One of biggest threat to the deployed aerospace and defense electronics systems is radiation. Long term exposure of astronauts to radiation is equally challenging. This force can occur naturally in space and at high altitudes on Earth, or can come in massive doses from the detonation of nuclear weapons. Deep-space and long-duration missions, where both crew members and spacecraft no longer benefit from the protection of Earth’s magnetic fields, are considered high risk for adverse radiation impacts. Aircraft flying at altitude, at about 30,000 feet and above, also are starting to experience radiation-induced effects. “There are 500 times more neutrons at 30,000 feet than there are on the ground,” points out Aitech’s Romaniuk.
Ionizing radiation can cause significant problems for electronic devices. Ensuring the reliable operation of microcircuits and software in outer space is an important scientific and economic objective. There are various measures used to protect electronic circuits from radiation, One is the shielding of electronics which is not only expensive, but it also can be heavy enough to adversely influence launch costs. There are other ways of dealing with space radiation, ranging from redundant subsystems, selective shielding, and upscreening commercial off-the-shelf (COTS) electronics for enhanced reliability.
Weight is a significant factor in designing aerospace technologies, and the shielding most commonly found in aerospace devices consists of putting an aluminum box around any sensitive technologies. This has been viewed as providing the best tradeoff between a shield’s weight and the protection it provides.
DARPA launched an SBIR in July 2022 to develop a new material system capable of more effective high energy gamma-ray shielding than traditional materials such a lead and concrete at comparable cost.
There are various operational environments where shielding is required to protect people and sensitive electronics
from ionizing radiation. These include space environments, areas with highly radioactive materials or areas near
intense nuclear reactions, such as fission and fusion sources. Although traditional radiation shielding materials have largely been suitable, developing a new material system that provides 10x more effective shielding compared to traditional materials, or that were 10x lighter or more compact than traditional materials while providing equivalent shielding would enable a range of missions where traditional shielding is inadequate.
Specifically, at 1 MeV to 100 MeV energy levels, a material that provides twice or greater the linear attenuation coefficient at comparable density to existing shielding materials is being sought.
This topic seeks innovation in novel materials for shielding gamma ray radiation at MeV to GeV energies, capable of withstanding high fluences, that can be produced inexpensively and in large quantities, and ideally with flexible form factors.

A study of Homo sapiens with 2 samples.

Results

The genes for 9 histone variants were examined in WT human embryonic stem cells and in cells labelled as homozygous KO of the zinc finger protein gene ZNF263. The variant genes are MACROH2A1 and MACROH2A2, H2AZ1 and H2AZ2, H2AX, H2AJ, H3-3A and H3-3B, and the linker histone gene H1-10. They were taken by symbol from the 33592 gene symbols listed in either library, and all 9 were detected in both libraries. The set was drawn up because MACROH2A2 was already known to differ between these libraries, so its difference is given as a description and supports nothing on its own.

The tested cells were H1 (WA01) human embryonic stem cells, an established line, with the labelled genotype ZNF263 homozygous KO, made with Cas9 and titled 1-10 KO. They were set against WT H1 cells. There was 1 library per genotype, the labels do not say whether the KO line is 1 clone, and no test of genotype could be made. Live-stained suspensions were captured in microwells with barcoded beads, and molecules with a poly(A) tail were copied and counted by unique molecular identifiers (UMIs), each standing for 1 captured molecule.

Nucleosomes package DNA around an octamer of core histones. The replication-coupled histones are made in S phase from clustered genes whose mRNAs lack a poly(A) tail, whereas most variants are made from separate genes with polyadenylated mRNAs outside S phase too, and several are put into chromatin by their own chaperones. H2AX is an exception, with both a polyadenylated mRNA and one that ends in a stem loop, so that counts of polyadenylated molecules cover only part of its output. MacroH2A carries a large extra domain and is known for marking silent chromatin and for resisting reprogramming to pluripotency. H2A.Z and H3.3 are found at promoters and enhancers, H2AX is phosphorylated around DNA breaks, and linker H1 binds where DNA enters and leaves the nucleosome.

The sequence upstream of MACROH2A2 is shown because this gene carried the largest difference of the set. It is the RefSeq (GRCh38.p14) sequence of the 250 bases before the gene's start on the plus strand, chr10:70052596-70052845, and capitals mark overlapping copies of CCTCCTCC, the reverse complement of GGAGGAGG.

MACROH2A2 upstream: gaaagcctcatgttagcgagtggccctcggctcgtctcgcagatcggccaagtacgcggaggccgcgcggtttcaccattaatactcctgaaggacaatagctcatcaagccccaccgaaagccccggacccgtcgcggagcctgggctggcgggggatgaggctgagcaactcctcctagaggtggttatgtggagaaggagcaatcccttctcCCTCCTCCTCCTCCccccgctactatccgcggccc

Phase I is a feasibility study that would demonstrate the scientific, technical, and commercial merit and feasibility of the concept resulting in a basic material system and credible material production flow. Activities could include
material modeling, basic material synthesis, fabrication experiments, and material system characterization. Key
materials characteristics and interfaces should be identified and quantified showing how attenuation goals could be
achieved in terms of necessary shielding and high-volume production cost. Challenges and risks in perfecting
shielding characteristics, and scaling the shielding material to required volumes for practical applications must be
identified and proposed mitigation strategies presented.
Phase II builds upon feasibility established in Phase I and ultimately produces and demonstrates a TRL 5 prototype
material meeting Section II b goals. The Phase II base period (year 1) will focus on overall material system
development and characterization and scalable process development. The Phase II increment period (year 2) will
refine material production processes, refine shielding performance and conduct initial practical demonstrations. The Phase II option period (year 3) will produce usable quantities of the optimized material system with demonstrated low-cost techniques, and support demonstrations meeting program goals.
Phase I goals, and plans to achieve program goals by the end of Ph 2. This should be a culmination of the Phase 1
effort, demonstrating a viable technical path supported by empirical and modeling data to achieving overall
program goals, with risks and mitigation strategies fully detailed.
PHASE III DUAL USE APPLICATIONS:
Successful development of the subject material system will be applied in demonstration of relevant DoD and
commercial applications, with commercialization strategies developed for each. Military electronics in space
environments would be one such example. For commercial applications, targeting applications where traditional
shielding poses challenges to effective implementation will be targeted. These may include irradiation facilities,
reactor applications, and high energy physics applications.